This year’s winegrape harvest in the Murray Valley (Murray-Darling & Swan Hill NSW/VIC wine regions) was worth $58 million less than the 2005 harvest.

The latest Wine Grape Crush Survey, compiled by the Victorian Department of Primary Industries for the Murray Valley Winegrape Industry Advisory Committee, reveals a total harvest this year of 415,937 tonnes, down 26,693 tonnes. White varieties accounted for 235,848 tonnes (down from 256,851 tonnes), while red varieties came in at 180,089 tonnes (down from 185,778 tonnes).

The most popular of the premium varieties were Chardonnay (136,030 tonnes), Shiraz (65,515 tonnes), Cabernet Sauvignon (66,634 tonnes), Merlot (31,428 tonnes) and Colombard (26,764 tonnes). The multi-purpose varieties Sultana and Gordo produced 43,655 tonnes (Sultana 13,216 tonnes & Gordo 30,439 tonnes). The Gordo volume was up marginally on 2005, but the use of Sultana in winemaking sunk by a further 20,784 tonnes.

While wineries reduced their purchase of grapes by 9.4%, the portion classified in the survey as “winery grown” increased by 25%. In 2005 wineries processed about 43,000 tonnes of their own fruit grown in the Murray Valley – their intake this year increased to more than 54,000 tonnes.

The value of the harvest overall was about $155 million, compared with $213 million in 2005. Part of the $58 million drop can be attributed to the reduced crush. However, the continuing decline in grape prices is the major reason.

The biggest price losers in 12 months were Chardonnay (- 41%), Shiraz (- 24%) and, most surprisingly, Viognier (- 34%). Viognier is supposedly a “demand” variety and a price drop of this magnitude cannot be justified.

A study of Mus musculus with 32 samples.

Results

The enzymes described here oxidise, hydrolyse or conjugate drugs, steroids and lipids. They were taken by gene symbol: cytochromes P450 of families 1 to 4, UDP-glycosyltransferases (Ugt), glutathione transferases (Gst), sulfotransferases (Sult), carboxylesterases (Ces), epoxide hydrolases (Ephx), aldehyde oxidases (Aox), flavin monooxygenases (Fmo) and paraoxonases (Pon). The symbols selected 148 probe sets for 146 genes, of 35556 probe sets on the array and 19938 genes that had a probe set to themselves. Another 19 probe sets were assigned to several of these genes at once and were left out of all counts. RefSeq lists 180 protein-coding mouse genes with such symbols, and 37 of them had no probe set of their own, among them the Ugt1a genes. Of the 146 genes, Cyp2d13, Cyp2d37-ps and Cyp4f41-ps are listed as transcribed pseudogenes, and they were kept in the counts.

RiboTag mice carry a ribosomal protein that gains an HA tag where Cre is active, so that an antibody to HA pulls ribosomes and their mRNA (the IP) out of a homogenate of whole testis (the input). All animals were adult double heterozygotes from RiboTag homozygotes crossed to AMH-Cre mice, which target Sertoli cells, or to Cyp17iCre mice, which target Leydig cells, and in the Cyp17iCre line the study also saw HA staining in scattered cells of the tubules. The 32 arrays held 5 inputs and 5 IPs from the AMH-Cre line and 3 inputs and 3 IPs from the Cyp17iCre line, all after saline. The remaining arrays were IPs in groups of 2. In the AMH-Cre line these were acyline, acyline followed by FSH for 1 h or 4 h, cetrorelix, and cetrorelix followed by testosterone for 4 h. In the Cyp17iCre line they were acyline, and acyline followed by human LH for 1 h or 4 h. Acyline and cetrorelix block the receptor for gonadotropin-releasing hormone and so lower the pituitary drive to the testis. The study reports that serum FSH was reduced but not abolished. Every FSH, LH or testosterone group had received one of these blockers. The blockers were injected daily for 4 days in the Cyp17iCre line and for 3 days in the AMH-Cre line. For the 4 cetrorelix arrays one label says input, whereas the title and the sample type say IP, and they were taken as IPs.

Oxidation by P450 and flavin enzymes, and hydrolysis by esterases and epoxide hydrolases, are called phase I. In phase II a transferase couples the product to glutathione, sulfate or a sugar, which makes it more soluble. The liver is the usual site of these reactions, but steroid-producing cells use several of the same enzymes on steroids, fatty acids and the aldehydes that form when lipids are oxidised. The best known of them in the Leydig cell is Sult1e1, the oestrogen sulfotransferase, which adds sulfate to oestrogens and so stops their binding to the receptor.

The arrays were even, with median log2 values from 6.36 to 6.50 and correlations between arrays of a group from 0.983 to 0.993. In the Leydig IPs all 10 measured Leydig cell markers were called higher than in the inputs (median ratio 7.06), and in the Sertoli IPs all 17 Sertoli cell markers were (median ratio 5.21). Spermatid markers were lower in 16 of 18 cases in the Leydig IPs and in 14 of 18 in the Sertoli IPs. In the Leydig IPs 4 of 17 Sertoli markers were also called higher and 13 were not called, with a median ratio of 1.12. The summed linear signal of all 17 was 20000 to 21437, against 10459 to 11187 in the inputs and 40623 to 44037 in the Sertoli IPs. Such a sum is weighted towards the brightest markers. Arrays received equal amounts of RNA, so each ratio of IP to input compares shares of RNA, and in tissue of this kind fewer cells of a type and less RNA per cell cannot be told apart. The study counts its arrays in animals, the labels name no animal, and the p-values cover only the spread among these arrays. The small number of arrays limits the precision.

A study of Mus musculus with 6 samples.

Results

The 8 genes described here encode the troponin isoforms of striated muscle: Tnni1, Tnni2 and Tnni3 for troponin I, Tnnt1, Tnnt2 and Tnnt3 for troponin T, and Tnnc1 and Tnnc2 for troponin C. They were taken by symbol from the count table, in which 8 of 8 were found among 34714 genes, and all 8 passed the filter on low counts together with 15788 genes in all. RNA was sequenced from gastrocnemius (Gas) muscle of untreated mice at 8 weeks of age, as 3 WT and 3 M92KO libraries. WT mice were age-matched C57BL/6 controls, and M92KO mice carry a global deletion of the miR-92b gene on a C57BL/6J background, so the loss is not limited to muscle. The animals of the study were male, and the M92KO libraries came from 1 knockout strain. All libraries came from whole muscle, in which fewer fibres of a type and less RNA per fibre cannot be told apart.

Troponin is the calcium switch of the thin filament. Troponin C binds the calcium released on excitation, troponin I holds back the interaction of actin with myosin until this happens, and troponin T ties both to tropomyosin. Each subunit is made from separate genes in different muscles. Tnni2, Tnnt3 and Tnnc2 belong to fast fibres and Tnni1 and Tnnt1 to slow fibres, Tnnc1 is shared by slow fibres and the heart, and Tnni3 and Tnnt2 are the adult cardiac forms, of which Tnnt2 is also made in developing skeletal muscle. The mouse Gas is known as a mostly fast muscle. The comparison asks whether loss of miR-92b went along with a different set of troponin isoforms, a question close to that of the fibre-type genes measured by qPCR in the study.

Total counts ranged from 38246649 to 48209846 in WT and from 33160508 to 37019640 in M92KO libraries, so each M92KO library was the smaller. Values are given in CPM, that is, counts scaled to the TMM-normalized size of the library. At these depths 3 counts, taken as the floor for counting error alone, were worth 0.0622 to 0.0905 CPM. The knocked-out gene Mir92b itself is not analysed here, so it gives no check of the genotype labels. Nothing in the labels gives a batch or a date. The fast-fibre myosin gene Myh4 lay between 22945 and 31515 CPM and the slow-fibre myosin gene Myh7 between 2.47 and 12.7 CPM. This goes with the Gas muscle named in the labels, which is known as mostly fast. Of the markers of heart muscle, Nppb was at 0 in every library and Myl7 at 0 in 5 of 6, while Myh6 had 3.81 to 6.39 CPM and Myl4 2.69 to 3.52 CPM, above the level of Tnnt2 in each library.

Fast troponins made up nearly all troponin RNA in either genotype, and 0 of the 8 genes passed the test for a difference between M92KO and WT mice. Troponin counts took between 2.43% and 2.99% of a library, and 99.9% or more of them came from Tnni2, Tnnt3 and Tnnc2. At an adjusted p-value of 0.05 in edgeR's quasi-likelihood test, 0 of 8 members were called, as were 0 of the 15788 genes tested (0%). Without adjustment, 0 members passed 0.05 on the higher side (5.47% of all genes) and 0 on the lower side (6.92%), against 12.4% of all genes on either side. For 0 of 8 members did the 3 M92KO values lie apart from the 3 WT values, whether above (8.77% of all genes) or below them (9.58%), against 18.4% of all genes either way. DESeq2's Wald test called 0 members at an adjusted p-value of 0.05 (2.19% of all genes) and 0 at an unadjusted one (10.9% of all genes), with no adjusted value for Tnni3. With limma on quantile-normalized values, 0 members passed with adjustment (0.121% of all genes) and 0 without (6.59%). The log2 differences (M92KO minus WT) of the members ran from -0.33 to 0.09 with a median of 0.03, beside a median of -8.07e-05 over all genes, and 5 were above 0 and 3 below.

The biggest price losers of the past two years have been: • Chardonnay – 57% • Viognier – 43% • Shiraz – 36% • Merlot – 28% • Cabernet Sauvignon – 26%

Many growers would be amazed at the average prices revealed by the latest crush survey, says Murray Valley Winegrowers’ CEO Mike Stone. “The survey shows premium reds ranging between $362/tonne and $399/tonne whereas in the spot market most offers were well under $200/tonne.

“The spot market price for Chardonnay was also commonly under $200/tonne, but the survey average was $382/tonne. Of course, the survey also doesn’t account for the estimated 52,000 tonnes that weren’t even harvested in the Murray Valley.”

Growers should treat the results of the survey with caution and never use the data alone to make planting decisions. Thorough research should be done before any replanting or expansion is contemplated. Part of that research should include studying the full Murray Valley survey and surveys from other regions.